Book review: ‘Only Summer’ features a real take on real life

“I’m in the ladies room at Eleven Madison Park,” I whisper, attempting to keep my voice down inside a bathroom stall in one of the most expensive restaurants in Manhattan.

We’ve all been there, texting or calling a friend from the bathroom, desperately wanting out of whatever awaits beyond the stall door. This clip is from Rachel Cullen’s newest novel “Only Summer”, which follows four women from New York City and Westchester, each struggling with personal relationships, change and understanding what they want from their lives. Well written and fast-paced, Cullen’s writing is accessible and sure to bring a smile to your face.

Sabrina lives in a Manhattan apartment with her fiance Peter, who’s never actually home. But as the reality of a wedding starts to seep in and “the one that got away” shows up, she questions whether this is really what she wants.

Heather is recovering from a history of breast cancer. Though she has dramatically improved, her husband Kevin refuses to let her do anything on her own. A summer on the cape offers the promise of more freedom and a new friendship.

Molly has just moved to Rye from Boulder, CO and is experiencing what can only be described as culture shock. She knew Rye was more upscale than her previous home, but the pressure of social expectations quickly pulls her in. Molly is trapped in a world of excess and lies just may keep her there.

Megan was planning on spending most of her summer with her boyfriend Ryan. But with Ryan in Europe, her prospects look bleak until she gets an offer to be a live-in babysitter in Cape Cod. While Ryan doesn’t answer his phone, Megan meets a handsome new friend and realizes her summer may not be so terrible after all.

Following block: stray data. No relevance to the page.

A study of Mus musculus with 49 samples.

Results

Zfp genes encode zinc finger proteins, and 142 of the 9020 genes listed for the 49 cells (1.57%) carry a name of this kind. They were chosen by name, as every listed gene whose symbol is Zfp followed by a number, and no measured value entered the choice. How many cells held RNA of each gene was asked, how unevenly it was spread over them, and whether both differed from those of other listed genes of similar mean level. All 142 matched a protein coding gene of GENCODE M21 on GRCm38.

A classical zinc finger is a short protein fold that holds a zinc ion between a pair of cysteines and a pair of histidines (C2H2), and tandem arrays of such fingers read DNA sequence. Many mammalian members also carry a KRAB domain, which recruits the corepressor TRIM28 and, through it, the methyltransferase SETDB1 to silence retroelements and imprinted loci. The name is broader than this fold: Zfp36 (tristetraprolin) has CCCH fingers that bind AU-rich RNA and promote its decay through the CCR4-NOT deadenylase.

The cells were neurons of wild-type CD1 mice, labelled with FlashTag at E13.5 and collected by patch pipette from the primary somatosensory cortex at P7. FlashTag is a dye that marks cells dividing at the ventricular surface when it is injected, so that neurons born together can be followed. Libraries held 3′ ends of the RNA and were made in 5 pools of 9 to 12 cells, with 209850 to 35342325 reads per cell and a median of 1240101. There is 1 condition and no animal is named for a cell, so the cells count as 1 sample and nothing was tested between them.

Cullen’s characters are relatable and well developed, especially with such a large and connected cast. Heather, Meghan, Molly, and Sabrina all make obviously terrible decisions at different points, but when faced with the situations ourselves, most of us would do the same. Importantly, even the minor characters are given thought and time, adding an organic sense of realism to the whole story. Readers are able to pick up on the little things Cullen write about other people without gaining a sense of unrealism.

The story has the rhythm of a short story but the length of a novel, which some may find unappealing. I felt it made the story more accessible, keeping the plot flying by, just as summer seems to. The prospective switching chapters were confusing at times, as it made it slightly difficult to keep the characters straight, but kept the reader wondering about what would happen next.

I know this review overused the word realistic already, but I found that to be the best feature of this book. The characters struggle with marriage, commitment, social expectations, and other problems we all face at some point in our lives. Questions like, “how do you decide to spend the rest of your life with someone?”, “How do you deal without your parents?” and “What do you tell your partner and what do you keep to yourself?” are featured in this book.

While the plot was slightly predictable, it was a real take on real life, portraying squabbling families and insecurities faced by teenagers and adults just as they exist in reality.

Whether you’re sitting on the beach or under a mountain of blankets wishing for summer, Cullen’s writing is sure to make you feel called out, laugh and maybe shed a tear or two when all’s said and done.